CHARLESTON, W.Va. - Members of the West Virginia National Guard's Chemical, Biological, Radiological, Nuclear and High-Yield Explosive Enhanced Response Force Package added another facet to the State Partnership Program recently.
Members of the team traveled to Peru to lead a training event aimed at better preparing Peruvian military personnel and first responders for disaster response. Much of the training focused on immediate recovery operations that will help save lives following a natural or man-made disaster involving infrastructure.
Soldiers covered basic training in breaching and breaking (gaining access through concrete, steel or other structural components); patient packaging; search and recovery; and confined space patient transport. Training demonstrations in higher-level rescue techniques were also given.
Military and first responders in Peru do not have the same breadth of knowledge in search and rescue, according to Maj. Walter Hatfield, WV CERF-P officer-in-charge. He also noted that lack of equipment has been an issue for the Peruvians. However, he said that he hopes that through continued training and knowledge sharing, CERF-P members can help their counterparts overcome some of these concerns.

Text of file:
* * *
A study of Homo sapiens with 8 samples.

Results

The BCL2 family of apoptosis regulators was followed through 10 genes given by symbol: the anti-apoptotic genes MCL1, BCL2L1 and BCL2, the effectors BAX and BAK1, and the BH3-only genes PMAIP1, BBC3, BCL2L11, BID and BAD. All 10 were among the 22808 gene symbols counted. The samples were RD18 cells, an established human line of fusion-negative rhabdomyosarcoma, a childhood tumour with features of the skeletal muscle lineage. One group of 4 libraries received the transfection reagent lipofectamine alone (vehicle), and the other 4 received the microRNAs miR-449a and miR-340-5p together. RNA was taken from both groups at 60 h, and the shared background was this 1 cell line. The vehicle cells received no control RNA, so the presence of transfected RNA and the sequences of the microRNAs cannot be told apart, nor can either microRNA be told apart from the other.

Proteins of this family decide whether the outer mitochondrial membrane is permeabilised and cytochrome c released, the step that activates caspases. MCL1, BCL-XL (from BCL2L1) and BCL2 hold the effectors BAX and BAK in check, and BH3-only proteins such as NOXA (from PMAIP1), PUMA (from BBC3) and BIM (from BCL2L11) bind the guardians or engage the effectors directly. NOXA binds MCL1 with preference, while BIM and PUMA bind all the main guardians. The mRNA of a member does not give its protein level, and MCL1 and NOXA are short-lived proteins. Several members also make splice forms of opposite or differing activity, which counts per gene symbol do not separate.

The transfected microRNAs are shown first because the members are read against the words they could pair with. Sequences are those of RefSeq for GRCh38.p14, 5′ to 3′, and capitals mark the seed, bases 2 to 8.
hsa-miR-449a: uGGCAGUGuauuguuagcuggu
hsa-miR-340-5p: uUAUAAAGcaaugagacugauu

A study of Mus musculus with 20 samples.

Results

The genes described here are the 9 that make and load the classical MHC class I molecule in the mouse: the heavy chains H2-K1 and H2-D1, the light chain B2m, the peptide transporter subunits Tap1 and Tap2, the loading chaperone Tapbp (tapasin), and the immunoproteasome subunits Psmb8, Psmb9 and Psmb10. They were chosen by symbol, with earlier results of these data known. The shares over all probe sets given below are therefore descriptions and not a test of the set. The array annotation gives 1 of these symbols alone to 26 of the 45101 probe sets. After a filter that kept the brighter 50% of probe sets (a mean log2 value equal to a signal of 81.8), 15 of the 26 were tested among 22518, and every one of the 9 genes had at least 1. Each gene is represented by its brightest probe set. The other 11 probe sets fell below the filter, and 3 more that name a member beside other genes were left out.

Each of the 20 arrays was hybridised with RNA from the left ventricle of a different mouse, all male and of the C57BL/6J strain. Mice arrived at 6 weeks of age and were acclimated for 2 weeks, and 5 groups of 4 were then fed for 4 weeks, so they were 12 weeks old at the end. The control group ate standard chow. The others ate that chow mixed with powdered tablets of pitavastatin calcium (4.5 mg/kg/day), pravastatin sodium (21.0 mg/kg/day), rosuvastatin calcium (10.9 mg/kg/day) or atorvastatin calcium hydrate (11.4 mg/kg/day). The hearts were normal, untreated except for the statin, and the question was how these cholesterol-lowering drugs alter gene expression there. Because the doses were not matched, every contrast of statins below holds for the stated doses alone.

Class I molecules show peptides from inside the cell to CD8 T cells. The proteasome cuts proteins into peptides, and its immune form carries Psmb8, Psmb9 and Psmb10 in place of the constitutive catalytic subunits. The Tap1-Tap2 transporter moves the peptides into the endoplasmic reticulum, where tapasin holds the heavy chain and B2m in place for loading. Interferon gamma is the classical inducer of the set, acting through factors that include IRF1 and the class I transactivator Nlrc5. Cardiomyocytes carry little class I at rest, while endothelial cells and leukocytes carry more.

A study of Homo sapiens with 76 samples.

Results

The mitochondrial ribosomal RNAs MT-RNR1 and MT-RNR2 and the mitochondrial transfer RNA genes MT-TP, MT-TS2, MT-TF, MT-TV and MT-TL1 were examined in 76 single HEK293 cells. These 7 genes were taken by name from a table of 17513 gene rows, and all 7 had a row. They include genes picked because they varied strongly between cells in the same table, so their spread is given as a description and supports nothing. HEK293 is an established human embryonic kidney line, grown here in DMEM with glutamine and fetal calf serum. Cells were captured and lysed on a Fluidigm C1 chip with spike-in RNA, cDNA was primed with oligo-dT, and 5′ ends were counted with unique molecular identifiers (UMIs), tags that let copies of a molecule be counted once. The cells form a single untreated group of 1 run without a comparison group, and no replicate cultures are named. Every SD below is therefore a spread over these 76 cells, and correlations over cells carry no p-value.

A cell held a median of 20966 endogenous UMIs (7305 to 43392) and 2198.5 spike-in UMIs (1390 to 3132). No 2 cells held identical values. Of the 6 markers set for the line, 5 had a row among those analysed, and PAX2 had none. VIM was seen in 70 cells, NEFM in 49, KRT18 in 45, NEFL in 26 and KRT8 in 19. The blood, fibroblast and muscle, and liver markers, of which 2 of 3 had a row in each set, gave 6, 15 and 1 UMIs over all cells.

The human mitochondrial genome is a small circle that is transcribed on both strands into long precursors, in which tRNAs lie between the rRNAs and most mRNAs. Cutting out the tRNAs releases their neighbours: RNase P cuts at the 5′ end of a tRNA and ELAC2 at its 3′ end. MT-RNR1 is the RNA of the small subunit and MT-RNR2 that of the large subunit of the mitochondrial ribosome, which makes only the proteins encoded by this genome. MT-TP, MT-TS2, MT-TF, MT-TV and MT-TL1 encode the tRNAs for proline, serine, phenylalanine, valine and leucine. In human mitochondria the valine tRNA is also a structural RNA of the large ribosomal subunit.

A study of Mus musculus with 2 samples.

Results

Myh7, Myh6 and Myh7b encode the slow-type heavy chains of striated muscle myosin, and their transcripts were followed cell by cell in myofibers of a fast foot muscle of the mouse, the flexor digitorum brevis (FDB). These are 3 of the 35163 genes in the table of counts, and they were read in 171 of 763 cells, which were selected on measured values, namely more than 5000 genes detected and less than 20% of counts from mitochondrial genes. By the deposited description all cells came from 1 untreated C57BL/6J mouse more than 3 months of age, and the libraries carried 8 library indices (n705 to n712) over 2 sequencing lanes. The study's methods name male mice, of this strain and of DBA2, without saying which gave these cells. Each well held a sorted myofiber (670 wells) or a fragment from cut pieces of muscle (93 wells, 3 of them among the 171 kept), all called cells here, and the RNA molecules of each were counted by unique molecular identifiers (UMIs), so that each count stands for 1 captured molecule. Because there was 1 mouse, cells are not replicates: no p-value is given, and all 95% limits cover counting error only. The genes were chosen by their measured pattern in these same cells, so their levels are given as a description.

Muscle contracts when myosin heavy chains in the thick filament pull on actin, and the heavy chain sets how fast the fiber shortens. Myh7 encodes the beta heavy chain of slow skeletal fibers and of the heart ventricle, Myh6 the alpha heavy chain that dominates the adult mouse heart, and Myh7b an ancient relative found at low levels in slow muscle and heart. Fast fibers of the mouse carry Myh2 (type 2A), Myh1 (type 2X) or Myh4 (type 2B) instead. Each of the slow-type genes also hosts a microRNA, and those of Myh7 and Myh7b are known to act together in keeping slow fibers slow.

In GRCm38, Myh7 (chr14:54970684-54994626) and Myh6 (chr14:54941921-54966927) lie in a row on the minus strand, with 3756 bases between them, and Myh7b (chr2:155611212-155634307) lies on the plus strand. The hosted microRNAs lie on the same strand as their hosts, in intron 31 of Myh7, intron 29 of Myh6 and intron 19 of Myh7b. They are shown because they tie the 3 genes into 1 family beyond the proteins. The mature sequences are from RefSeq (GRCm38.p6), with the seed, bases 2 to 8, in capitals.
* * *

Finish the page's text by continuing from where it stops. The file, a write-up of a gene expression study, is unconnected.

In addition to gaining important search and extraction skills, the Peruvians were also able to build valuable teamwork abilities - something that they may not do very often.
"On day one, each entity had their own little formation," Hatfield said. "At the closing formation, they all wanted to be in a formation based on their teams, not their affiliation."
Hatfield further explained that this training is invaluable because of the likelihood of a natural disaster in the coastal country.
"This type of Search and Rescue training is vital because South America's west coast is a segment of the Circum-Pacific Seismic Belt where more than two-thirds of the world's large magnitude earthquakes occur," he said.
Team members gained a wealth of knowledge and skills during the four-day session. WV CERF-P members noted that the training was extremely successful and they could see students' confidence levels increase from day one through day four. Hatfield added that both students and trainers expressed an interest in returning for advanced training.
"This training provided life-saving skills necessary in the event of a natural or manmade catastrophe," said Staff Sgt. Brad Convery, search and extraction team leader. "It also gives the military and civilian rescue agencies a chance for integrated training."